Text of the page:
If the media behemoth thought this was all behind it, Dina Agusta just hit a possible pause button on the end to the nearly two-year legal action. The former NBCUniversal intern believes the $6.4 million settlement deal that the Comcast-owned company made with class counsel Outten & Golden in October not only is too little for everyone but actually might put plaintiffs in a bad spot with the IRS with multiple employee classifications. “What amazes me is that a corporation with the prestige of NBCUniversal would stoop to this level and a law firm that holds itself out as experienced in workplace matters lacks some basic understanding of the IRS regulations (or worse, a complete disregard for same),” she says in a letter to Magistrate Judge Ronald L. Ellis late last week (read it here).
“I respectfully request that this court find that the proposed Settlement is unfair and inadequate,” Agusta adds to the court in her March 14 letter rejecting the agreement announced on October 22, 2014.
“I would be willing to risk the low ball offer and go to trial on this matter,” the ex-NBCU intern makes very bluntly clear. “This is especially true since I have no obligation to pay my counsel or the other costs of litigation in a class action suit. I wonder how many other class members when presented with this analysis would concur with my reasoning.”
The NYC-based Ellis had given preliminary approval to the deal on December 15 and has set a May 4 hearing for the final approval. That might have to be reconsidered now. Another much-smaller bump in the case came today when Ellis approved a March 16 request from the law firm to extend the claims deadline. Outten & Golden wanted and got another 45 days for 243 class members who were left off the notice lists and two weeks to March 31 for the thousands of others in the action to get their claims in.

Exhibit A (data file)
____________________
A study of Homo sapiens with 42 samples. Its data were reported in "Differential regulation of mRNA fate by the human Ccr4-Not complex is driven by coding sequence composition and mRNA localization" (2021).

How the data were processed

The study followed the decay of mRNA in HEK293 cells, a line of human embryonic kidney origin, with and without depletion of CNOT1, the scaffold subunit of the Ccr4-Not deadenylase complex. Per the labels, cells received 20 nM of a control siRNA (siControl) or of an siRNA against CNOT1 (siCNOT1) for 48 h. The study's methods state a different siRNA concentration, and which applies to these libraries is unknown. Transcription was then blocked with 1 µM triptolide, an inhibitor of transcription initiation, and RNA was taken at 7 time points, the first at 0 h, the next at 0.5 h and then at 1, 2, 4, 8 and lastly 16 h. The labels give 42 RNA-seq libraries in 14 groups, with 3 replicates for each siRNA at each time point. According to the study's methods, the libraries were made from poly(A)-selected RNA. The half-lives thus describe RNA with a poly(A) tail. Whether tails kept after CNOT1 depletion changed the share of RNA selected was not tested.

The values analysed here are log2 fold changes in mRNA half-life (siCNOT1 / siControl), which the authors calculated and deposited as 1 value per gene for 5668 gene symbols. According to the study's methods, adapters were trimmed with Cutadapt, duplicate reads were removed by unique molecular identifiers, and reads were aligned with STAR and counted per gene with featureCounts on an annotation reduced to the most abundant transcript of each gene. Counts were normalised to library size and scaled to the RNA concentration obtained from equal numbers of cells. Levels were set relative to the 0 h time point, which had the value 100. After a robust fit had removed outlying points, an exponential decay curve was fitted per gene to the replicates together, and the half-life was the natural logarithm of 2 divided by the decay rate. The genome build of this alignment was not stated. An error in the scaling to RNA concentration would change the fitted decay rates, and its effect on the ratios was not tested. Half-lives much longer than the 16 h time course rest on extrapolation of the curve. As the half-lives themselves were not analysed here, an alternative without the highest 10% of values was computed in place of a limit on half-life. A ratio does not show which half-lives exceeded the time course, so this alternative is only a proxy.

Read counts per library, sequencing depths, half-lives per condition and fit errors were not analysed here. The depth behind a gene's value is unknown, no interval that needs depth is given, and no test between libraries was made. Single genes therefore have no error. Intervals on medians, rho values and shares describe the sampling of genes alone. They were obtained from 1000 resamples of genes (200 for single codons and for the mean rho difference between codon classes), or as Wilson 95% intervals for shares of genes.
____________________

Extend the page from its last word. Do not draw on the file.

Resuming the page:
The case was filed in July 2013 by ex-Saturday Night Live intern Monet Eliastam and ex-MSNBC intern Jesse Moore, who later withdrew from the case. Last fall’s proposed settlement saw Eliastam set to get $10,000 while the majority of the thousands of others in the class would get about $500 each if they signed off on the deal. With about $1.4 million going to the law firm, which specializes in labor issues, the deal covers those who interned at NBCU starting on July 3, 2007, in NY State and on February 10, 2010, in California. With advice from her lawyer father, Agusta reckons her two internships with the company would score her “a maximum of $991.91 provided no more than 8,975 members submit claims.”
Because that works out to about $2.40 an hour for the 416 total hours she says she worked for NBCU, Agusta obviously is not going for it – and calls out the potentially well-compensated Outten & Golden. “If my counsel believes ‘this Settlement is fair and appropriate under the circumstances, and in the best interests of the Class Members’ especially given the fact my counsel believes our ‘claims … are strong’ and counsel was ‘… prepared to proceed with litigating the case…,’ then I say it is time to change counsel.”
Outten & Golden represented a duo of former ICM Partners interns in their legal battle with the agency. That matter was settled in mediation in December. The firm also is working on the groundbreaking and ongoing case of the ex-Black Swan interns and their class action against Fox Searchlight — the case that started the various intern cases that have hit media companies in recent years. With Agusta’s objection, the NBCU case could become ongoing again too, if more class members follow her lead.
NBCU are represented in the case by Sam Scott Shaulson and Russell Bruch of the NYC and DC offices of Morgan, Lewis & Bockius LLP. Bet they thought this was all over too.